There is a lot of debate about what’s the best way to treat a UTI. From home remedies to antibiotics, there is a lot to choose from. We’re going to break them down so you can choose what’s best for you.
First, we want to bring something up that you may not be aware of. The recurrence of UTIs following antibiotic treatment suggests the pathogen’s resistance to conventional antibiotics. This is a big problem. If the bacteria we’re trying to ward off are building up a resistance to the treatment we’re being prescribed, how do we win this battle?
A homeopathic approach
Okay, that last sentence was a little bit of a bomb drop, but we believe you deserve to be armed with all the knowledge you can have. Let’s dive into popular home remedies to help lift our spirits.
- Cranberry – This is one you’ve probably heard of, or even tried. It’s the best-studied home remedy and we’re all about the science behind the why. Evidence suggests that the proanthocyanins present in cranberry prevent bacteria from adhering to the walls of the urinary tract. Bye-bye, UTI!
- Water – You probably already do this—and if you know you don’t drink enough, consider this your sign to drink more! This is probably the easiest step you can take for yourself if you have a UTI because water helps flush bacteria from the urinary tract. Also, being hydrated is fantastic for you!
- Pee when you need to – Okay, we know this one can be kind of tough. Especially if you’ve got the burning sensation when you go, but trust us, you should go when you need to. Holding in your urine can allow bacteria to multiply and that is the last thing you want when trying to fight off an infection. Flush those guys, literally!
- Probiotics – If you’re not already incorporating these into your diet, you should! They are incredible for your gut health—which houses most of your immune system—and help promote healthy digestion. They may be effective in treating and preventing UTIs when taken alongside antibiotics.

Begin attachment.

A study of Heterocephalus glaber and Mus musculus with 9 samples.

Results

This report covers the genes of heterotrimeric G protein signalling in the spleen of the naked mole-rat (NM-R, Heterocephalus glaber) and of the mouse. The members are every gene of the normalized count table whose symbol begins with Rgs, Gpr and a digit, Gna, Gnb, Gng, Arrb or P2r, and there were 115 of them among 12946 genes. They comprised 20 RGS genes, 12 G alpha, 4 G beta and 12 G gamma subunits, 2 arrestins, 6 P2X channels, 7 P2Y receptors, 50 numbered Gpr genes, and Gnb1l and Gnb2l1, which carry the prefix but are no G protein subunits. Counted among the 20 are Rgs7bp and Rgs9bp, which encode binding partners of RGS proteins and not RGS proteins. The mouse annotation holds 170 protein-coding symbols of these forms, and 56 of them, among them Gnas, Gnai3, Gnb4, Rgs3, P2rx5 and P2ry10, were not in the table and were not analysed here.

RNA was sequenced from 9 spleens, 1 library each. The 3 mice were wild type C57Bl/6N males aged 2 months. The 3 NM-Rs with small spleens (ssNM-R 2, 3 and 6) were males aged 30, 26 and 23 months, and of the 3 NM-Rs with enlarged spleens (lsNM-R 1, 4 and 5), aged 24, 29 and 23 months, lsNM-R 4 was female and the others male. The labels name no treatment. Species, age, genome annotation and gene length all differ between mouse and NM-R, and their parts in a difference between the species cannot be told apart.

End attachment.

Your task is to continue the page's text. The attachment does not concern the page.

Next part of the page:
What your doctor will prescribe
The first thing to keep in mind is that doctors are trained in medicine. Their curriculum isn’t focused on home remedies, nutrition, etc. So try and give them some grace when you bring alternative treatment methods to their attention if they don’t have much advice to give on the subject. If you go to your medical professional for a UTI, they will only offer one solution.
- Antibiotics – This is the gold standard in the medical field when it comes to UTIs. But a recent study revealed that a round of antibiotics eliminates bacteria in the bladder but not in the intestines. The surviving bacteria from the gut can multiply and spread to the bladder again, leading to another UTI, yuck. Repeated rounds of antibiotics wreak havoc on the microbiome of the gut—which is directly connected to your immune system, not good. Women in the study who had recurrent UTIs had less diverse microbiomes that were deficient in an important group of bacteria that helps regulate inflammation as well as a distinct immunological signature in their blood indicating inflammation.
Breastfeeding with antibiotics: Breast milk helps babies develop intestinal bacteria; antibiotics disturb this development. This can be harmful to the development of the infant’s metabolism and immune system.
Antibiotics may not be the best solution for UTIs due to the disruption to the gut microbiome and the instances of recurring UTIs after taking them. Consider a natural, in-response, or preventative approach via our new supplement Urinary Tract Cleanse and Protect. It’s plant-based with clinically tested ingredients that help promote long-term bladder health and soothe it. Packed with a full spectrum of cranberry polyphenols and hibiscus which boots immunity, it’s fast-acting and can be taken as needed or daily for preventative care. Let’s take back our bladder and gut health so we can live happier, healthier lives!